Hold on, wait for good rains to plant. This is the message from agricultural experts to farmers in some Southern Region districts that have received rains which indigenous knowledge assesses as fit for planting.
In separate interviews yesterday, district agricultural development officers (Dados) in Blantyre, Machinga, Chikwawa and Chiradzulu said the farmers should continue with their land preparations.
Machinga Dado Sosten Zulu said the district has not received adequate rainfall.
He said: “For now, they [farmers] cannot start planting because in Machinga the rains have not been adequate enough. They need to continue with land preparation.”
On her part, Blantyre Dado Linda Mphande said there were variations in terms of distribution or spread of rainfall in the district, but there is need for farmers to prioritise land preparation.
“There are some variations within the district so the advice would be different. Some areas have received a lot of rainfall while in some areas, the soil is still dry so they [farmers] cannot plant. They should wait for more rains,” she said.
In Chiradzulu, about 10 percent of the farmers have started planting, according to Dado Ezra Mbendera who said: “Only a few areas have received the rains such as in Thumbwe where even some farmers have planted.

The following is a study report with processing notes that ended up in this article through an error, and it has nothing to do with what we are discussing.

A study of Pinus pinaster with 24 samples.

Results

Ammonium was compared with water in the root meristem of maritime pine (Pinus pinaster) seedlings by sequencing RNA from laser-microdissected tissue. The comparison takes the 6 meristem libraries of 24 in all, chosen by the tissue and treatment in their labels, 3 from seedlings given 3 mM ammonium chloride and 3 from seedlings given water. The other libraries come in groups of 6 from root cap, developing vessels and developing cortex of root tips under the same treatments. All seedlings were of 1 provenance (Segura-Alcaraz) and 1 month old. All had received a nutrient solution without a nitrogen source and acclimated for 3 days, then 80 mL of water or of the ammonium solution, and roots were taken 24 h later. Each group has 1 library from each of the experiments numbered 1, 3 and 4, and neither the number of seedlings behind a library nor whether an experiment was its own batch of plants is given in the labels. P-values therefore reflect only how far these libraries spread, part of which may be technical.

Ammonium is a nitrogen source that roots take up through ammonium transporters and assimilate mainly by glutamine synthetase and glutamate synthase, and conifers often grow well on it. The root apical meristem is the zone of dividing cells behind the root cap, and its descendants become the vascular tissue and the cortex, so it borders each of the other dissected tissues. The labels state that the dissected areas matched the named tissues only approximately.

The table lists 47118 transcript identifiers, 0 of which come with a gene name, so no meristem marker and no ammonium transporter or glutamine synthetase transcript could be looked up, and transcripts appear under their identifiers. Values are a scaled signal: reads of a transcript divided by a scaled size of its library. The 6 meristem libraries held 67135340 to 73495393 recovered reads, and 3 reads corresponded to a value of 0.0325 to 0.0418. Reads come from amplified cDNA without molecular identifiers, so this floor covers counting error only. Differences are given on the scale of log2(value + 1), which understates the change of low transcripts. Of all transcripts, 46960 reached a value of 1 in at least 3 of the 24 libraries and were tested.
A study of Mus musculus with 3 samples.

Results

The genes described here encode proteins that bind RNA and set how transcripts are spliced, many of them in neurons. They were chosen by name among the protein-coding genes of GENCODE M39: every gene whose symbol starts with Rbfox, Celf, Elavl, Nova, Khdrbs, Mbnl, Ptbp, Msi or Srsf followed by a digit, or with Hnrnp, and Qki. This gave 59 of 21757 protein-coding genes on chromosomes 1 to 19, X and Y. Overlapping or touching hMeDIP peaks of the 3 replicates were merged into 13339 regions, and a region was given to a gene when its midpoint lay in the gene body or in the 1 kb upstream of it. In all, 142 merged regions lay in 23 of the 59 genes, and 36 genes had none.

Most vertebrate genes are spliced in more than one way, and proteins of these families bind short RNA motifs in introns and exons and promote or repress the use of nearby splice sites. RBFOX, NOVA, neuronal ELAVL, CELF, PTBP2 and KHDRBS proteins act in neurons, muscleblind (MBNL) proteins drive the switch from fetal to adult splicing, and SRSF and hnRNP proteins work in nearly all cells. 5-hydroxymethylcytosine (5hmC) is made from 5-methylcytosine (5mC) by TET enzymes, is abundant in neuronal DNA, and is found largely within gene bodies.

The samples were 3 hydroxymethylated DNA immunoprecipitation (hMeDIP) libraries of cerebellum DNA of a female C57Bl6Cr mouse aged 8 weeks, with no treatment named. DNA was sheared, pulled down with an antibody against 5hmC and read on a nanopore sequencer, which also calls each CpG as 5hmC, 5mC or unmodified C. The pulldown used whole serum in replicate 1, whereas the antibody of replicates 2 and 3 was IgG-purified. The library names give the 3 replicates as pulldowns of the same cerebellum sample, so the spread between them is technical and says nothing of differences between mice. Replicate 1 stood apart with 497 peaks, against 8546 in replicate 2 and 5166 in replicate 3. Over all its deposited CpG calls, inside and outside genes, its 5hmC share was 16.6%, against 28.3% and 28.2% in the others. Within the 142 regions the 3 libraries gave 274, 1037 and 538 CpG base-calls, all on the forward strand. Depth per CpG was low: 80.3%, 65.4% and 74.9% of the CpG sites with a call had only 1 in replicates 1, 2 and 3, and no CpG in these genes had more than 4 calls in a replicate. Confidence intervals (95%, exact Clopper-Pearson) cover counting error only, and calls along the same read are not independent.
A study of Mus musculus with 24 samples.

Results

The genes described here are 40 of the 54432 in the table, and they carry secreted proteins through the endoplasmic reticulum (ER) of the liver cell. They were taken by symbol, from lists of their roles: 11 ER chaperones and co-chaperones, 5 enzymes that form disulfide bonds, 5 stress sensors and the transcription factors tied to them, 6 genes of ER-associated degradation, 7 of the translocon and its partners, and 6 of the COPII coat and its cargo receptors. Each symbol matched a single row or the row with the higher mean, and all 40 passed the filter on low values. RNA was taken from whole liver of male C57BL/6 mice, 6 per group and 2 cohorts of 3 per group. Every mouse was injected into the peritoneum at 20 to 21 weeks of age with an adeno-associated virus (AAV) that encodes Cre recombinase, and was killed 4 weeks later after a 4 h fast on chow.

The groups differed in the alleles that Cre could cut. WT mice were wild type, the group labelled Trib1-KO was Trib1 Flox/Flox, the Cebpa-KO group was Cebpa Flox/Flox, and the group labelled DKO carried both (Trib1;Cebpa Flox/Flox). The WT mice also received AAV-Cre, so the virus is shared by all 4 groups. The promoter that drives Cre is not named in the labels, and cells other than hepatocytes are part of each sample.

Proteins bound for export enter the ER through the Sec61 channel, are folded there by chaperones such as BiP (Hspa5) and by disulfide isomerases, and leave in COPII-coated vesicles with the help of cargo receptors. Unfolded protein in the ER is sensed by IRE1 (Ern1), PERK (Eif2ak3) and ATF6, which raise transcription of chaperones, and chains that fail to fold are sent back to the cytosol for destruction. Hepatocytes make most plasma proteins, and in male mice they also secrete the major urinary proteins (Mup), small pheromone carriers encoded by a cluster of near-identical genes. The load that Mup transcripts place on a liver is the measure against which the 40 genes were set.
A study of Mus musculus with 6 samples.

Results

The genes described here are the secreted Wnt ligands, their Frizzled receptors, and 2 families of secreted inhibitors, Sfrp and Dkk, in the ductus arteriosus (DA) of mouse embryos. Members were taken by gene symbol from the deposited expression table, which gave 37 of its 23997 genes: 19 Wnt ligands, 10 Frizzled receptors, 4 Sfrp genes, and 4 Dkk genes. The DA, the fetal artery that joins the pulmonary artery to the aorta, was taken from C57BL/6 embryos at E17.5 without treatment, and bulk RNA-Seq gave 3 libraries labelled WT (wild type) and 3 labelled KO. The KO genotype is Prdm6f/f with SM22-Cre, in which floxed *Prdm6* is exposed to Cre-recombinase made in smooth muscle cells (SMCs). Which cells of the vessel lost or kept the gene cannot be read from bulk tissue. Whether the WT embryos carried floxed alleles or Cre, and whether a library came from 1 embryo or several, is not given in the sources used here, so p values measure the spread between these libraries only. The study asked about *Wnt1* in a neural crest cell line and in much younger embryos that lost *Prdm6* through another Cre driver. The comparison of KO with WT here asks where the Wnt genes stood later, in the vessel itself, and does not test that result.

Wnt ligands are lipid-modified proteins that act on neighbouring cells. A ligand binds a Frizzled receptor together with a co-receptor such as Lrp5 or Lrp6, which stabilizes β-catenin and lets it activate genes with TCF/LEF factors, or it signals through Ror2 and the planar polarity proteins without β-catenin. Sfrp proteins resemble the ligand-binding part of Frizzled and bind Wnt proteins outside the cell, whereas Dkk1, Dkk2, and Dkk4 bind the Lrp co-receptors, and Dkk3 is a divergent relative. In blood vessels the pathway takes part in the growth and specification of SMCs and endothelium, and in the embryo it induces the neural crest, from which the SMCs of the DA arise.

“I was there today [yesterday] and have seen that less farmers have done so. However, they still need to wait for good rains.”
Chikwawa Dado James Chikoya said farmers in the district should wait for rains as no area within the Lower Shire Valley district has received much rain.
He cautioned that hasty planting could put the farmers at a disadvantage.
Department of Climate Change and Meteorological Services director Jolam Nkhokwe confirmed that the districts have received rains that vary from area to area.
He said: “Some areas have been receiving rains for two days, but then for now we cannot say that it is adequate or not and we will also wait for the district agricultural advisers to determine on the part of planting.”
Meanwhile, distribution of Farm Input Subsidy Programme (Fisp) coupons is still in progress after the launch of the exercise on October 15 in Phalombe.
There are 900 000 farmers targeted to benefit from the exercise that enables them to buy fertiliser and hybrid seeds at subsidised prices.